It’s been a snowy seven days in the Alps. The western end of the region has had the best of it, with almost a metre falling in parts of the French Alps since February 2. But every resort has seen some snow, and even the Dolomites are now blanketed in white (although their snow cannons have ensured good piste-skiing since mid-December).
So, once again, Mother Nature has delivered, just in time for the mid-February school holidays. But she has made one mis-step. Temperatures are now rising, and over the weekend it’s going to be mild for the time of year. In France, the daytime freezing point will be up to 2500m, and it will hit that mark in Austria on Sunday, too.
At least families won’t have to deal with frozen kids on their first day on the slopes. But the thaw will mean that on many of the lower and sunnier slopes the snow will melt a little during the day, and then refreeze overnight. Skiers will need to be ready for hard-packed pistes first thing in the morning as a result – before the snow softens again in the sunshine. Off-pisters will need to migrate to shady slopes at the top of their lift systems to find power.
The outlook, by the way, is for a little more snow in the southern and central Alps over the next few days, with a thin veil of cloud or sunshine across the northern half of the region. Daytime temperatures are likely to drop back a little at the beginning of next week, but they’ll still be on the mild side. As a result, in the lower resorts of the eastern Alps, we may say some grass poking through, off-piste, on sunny slopes by the end of the week. However, the pistes will be fine, thanks to the dense, thaw-proof cover laid down by the snow-cannons.
Pictured below is how it was looking on the Bellevarde above Val d’Isere, earlier this afternoon. Snow depths here are a healthy 110-195cm deep, depending on altitude. The last big snowfall was on Sunday (40cm in 24hrs), but there was 5cm on Tuesday and another 5cm on Wednesday).
And here’s how it was looking in Serre Chevalier, further south. The resort had 10cm of fresh snow yesterday, and reports 30-165cm of settled cover, depending on altitude.
Pictured below is how it looked this morning in the Monterosa ski area in Italy, of which Champoluc is a part. There was fresh snow here yesterday, and on the highest slopes the cover is up to 190cm deep.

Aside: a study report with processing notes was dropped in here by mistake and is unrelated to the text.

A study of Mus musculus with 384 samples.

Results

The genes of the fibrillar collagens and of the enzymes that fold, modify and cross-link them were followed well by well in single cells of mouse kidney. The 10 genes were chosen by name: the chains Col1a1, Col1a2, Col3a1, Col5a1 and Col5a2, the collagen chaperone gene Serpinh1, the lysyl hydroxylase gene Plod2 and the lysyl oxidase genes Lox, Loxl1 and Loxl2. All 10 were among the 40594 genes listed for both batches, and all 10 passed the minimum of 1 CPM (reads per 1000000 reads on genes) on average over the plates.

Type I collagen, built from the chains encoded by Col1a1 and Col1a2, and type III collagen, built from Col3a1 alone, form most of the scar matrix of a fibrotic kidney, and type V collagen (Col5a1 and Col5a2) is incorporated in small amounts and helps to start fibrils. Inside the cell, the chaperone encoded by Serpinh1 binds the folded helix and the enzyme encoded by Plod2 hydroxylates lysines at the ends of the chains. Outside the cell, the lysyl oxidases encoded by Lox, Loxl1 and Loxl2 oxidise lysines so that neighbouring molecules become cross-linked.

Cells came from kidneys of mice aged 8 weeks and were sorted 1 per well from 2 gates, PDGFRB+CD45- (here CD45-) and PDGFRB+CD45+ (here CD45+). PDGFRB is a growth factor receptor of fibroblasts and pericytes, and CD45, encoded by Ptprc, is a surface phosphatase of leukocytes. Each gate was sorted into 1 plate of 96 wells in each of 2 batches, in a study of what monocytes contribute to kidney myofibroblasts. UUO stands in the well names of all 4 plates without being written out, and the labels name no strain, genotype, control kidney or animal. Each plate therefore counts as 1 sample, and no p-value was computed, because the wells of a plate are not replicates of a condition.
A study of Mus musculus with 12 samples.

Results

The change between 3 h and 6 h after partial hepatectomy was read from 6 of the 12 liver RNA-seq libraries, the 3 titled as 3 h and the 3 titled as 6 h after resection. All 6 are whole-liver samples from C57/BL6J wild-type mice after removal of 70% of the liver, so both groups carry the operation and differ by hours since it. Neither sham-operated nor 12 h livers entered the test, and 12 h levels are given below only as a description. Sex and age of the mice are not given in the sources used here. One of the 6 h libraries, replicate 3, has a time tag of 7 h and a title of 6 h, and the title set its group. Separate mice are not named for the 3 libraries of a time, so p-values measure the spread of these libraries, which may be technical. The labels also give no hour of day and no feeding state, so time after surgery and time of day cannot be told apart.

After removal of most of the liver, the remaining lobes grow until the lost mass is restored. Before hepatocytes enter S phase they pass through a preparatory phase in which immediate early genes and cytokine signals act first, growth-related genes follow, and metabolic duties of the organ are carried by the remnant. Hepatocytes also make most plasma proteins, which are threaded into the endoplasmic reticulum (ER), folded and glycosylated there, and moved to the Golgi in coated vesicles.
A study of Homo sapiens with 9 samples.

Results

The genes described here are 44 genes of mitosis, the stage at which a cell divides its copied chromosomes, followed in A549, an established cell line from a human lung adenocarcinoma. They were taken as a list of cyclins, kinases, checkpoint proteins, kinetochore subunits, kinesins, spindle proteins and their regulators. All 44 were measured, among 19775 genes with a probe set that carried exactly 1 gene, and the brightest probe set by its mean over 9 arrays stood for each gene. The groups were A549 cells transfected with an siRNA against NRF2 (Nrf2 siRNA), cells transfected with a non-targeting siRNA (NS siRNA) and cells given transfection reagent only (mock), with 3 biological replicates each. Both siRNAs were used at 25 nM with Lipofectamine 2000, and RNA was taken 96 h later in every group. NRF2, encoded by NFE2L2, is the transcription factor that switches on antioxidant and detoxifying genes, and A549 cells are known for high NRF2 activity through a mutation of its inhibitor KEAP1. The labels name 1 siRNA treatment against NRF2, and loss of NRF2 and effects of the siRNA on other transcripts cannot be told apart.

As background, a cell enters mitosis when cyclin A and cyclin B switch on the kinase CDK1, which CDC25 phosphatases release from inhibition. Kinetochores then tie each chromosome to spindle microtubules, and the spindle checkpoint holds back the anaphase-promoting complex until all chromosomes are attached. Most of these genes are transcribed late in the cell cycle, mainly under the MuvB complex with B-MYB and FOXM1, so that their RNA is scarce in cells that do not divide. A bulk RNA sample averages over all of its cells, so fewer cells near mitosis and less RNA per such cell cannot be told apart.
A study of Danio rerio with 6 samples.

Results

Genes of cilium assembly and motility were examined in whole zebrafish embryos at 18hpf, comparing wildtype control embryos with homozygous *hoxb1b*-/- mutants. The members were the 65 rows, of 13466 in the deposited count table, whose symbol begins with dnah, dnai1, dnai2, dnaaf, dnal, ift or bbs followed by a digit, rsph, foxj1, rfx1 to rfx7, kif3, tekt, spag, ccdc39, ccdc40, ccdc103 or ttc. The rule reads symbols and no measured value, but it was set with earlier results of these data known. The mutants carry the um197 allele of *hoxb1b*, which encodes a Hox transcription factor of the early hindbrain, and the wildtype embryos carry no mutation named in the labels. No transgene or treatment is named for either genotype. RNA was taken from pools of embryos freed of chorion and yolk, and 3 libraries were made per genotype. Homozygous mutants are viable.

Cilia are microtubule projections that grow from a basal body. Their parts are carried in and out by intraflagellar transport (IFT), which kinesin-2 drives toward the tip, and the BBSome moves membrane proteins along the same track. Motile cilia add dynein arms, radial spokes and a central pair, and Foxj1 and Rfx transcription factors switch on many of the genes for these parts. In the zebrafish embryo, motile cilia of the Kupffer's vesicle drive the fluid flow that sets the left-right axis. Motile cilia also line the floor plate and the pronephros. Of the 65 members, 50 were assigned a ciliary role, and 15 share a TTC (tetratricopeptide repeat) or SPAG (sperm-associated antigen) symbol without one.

Further east, here’s how it looked in Madonna di Campiglio in Italy this morning. The last fresh snow was on Monday (30cm) and the settled cover is 50-90cm deep.
Pictured below are the slopes above Soll in the northern Tirol this afternoon. The cover here is 60-70cm deep depending on altitude.
And this is Saalbach, in the Salzburgerland, where the cover is 30-60cm deep.
Meanwhile, in North America…
Whistler’s had a good dump overnight: 30cm in 12hrs, with 30-45cm more expected by Friday night. It is, however, very windy.
Here’s how it’s looking on Whistler mountain today.
It’s snowing inland too – Lake Louise had 3cm overnight and could get 20cm more today.
Note the temperature: -11C. There’s a sharp contrast between temperatures in western Canada today and the resorts in California and the central American Rockies. Around Lake Tahoe in California, it’s raining up to 2700m today because it’s so warm. Fortunately, the temperature should drop sharply overnight and the snow will return.
Inland, the weather’s been wild and mild too – at Jackson Hole a windstorm has brought down electricity cables, and the ski area is shut until the power supply is restored. Pity. At the top of the ski area, there’s been 55cm of new snow in the last 48hrs. In Utah, they’re expecting record highs for the time of year, as a result of the surge of warm air. Come Friday/Saturday, temperatures will drop in both Utah and Colorado, and light to moderate snowfall is expected.